Cheaters perceived as less capable because they lack ‘social intelligence’: Study
If you saw someone steal an expensive item from a department store, would you think he/she is less capable at his job? Most people would think that, according to a research. Dishonest and immoral people were generally viewed as being bad at their jobs, according to the new study.Updated: Feb 02, 2018 08:56 IST
People who commit moral transgression like cheating and shoplifting are viewed as less able to do their jobs or complete tasks effectively and low in social intelligence levels, researchers say.
The study showed that people who acted immorally were simply less well-liked, struggle to get on with colleagues and foster a healthy working environment and therefore perceived as worse in every way, including being less competent.
This stems from our assumption that dishonest people have low social intelligence, the researchers said.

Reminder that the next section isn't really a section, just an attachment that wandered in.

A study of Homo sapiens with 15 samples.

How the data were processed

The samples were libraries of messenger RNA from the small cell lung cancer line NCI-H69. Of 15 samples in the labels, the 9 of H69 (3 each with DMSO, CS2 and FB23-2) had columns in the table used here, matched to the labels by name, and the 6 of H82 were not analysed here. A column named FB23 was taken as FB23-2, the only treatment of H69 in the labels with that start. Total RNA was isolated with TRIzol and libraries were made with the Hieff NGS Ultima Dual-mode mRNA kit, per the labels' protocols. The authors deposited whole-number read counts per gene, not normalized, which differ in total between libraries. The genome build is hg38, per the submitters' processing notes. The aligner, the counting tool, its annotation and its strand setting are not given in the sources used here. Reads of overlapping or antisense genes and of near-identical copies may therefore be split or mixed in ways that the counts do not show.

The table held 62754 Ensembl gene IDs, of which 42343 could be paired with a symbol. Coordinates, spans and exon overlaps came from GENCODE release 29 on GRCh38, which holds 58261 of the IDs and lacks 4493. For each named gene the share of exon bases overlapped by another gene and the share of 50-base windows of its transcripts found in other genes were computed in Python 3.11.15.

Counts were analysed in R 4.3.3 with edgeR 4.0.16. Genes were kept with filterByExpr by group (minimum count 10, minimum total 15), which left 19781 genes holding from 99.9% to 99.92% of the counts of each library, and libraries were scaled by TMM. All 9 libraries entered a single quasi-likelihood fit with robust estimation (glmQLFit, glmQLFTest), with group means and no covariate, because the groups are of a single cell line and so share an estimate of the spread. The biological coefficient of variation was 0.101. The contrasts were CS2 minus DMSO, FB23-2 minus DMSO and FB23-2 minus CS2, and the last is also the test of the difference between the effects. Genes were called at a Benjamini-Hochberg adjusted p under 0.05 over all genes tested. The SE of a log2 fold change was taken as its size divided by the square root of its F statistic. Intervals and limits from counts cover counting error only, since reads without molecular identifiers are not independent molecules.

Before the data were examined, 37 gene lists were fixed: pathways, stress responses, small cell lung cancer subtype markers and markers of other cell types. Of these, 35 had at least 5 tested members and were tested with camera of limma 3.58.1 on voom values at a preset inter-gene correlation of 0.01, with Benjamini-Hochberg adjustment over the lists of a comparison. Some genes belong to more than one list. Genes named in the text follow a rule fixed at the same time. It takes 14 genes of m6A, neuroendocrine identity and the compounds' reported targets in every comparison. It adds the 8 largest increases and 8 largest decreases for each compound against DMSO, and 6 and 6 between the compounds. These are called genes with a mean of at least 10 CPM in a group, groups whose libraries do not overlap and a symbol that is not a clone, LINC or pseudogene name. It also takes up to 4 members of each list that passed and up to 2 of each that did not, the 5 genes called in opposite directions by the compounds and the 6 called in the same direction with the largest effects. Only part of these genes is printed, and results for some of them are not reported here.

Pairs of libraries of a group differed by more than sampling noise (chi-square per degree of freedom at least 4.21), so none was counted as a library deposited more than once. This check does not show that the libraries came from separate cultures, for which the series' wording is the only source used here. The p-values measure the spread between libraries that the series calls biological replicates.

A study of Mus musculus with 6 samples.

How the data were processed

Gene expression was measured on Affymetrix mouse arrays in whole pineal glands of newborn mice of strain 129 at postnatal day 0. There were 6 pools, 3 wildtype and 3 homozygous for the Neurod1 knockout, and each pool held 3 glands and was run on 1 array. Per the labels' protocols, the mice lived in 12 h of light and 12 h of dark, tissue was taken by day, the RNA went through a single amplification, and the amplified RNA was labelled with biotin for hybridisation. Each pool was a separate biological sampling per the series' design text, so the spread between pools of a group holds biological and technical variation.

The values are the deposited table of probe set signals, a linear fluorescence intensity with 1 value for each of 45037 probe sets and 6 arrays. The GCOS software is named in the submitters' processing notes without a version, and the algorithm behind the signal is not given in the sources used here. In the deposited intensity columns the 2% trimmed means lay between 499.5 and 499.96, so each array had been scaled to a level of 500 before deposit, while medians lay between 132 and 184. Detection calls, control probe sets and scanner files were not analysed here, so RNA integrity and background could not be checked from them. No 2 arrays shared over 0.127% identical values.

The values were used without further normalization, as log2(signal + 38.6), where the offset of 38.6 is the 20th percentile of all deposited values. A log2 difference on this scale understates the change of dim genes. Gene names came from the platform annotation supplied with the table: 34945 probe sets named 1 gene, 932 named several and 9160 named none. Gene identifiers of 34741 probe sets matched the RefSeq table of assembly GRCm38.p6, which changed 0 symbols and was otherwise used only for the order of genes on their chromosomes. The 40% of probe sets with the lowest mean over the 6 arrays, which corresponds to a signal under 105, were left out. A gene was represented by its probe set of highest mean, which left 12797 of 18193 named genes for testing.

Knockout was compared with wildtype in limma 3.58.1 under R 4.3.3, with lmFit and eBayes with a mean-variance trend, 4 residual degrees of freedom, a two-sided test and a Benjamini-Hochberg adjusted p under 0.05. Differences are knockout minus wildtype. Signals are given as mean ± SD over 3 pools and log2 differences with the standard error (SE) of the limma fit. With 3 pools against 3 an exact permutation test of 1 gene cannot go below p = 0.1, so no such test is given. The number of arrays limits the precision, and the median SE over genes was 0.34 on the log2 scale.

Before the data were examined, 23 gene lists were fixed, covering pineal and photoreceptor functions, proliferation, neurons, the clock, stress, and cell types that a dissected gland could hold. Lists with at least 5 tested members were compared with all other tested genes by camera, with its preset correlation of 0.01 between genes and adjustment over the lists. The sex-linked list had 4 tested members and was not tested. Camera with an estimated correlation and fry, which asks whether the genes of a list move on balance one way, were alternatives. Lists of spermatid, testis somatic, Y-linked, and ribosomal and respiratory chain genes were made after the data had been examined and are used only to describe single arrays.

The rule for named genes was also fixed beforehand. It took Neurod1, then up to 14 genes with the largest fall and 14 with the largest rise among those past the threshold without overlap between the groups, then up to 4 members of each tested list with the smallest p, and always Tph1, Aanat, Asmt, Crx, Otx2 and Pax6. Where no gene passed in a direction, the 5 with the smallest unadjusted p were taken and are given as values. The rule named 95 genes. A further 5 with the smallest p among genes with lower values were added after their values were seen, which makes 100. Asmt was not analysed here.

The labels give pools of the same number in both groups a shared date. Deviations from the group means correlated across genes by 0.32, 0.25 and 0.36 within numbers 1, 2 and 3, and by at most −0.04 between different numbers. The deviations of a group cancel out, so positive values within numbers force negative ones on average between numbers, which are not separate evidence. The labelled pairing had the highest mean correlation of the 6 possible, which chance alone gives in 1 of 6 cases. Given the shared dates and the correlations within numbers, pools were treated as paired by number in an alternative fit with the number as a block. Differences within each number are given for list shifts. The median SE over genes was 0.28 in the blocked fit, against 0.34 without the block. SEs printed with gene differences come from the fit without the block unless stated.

“Social intelligence is often conceived of as the ability to manage complex social situations.
“It includes characteristics such as taking the others’ perspectives, being adaptable, managing impressions of oneself and adhering to established social norms,” said lead author Jennifer Stellar from the University of Toronto in Canada.
“A person who is socially intelligent would understand when and why a co-worker is angry and effectively manage their co-worker’s potentially destructive emotional response,” she added.
For the study, published in the Journal of Personality and Social Psychology, the team conducted a series of six experiments involving more than 1,500 participants.
Across these experiments, the researchers depicted individuals acting immorally in hypothetical scenarios (e.g., shoplifting), acting selfishly in economic games, cheating on a lab task or receiving low morality ratings from co-workers.
Individuals, who had acted immorally, were consistently rated as less capable of doing their jobs, and were viewed as generally less competent than someone who had acted morally by, for instance, donating to charity.
While most people rated immoral behaviour in one’s private life as irrelevant to determining how good that person was at their job, but when provided with the moral information, they would use it to determine competence, Stellar said.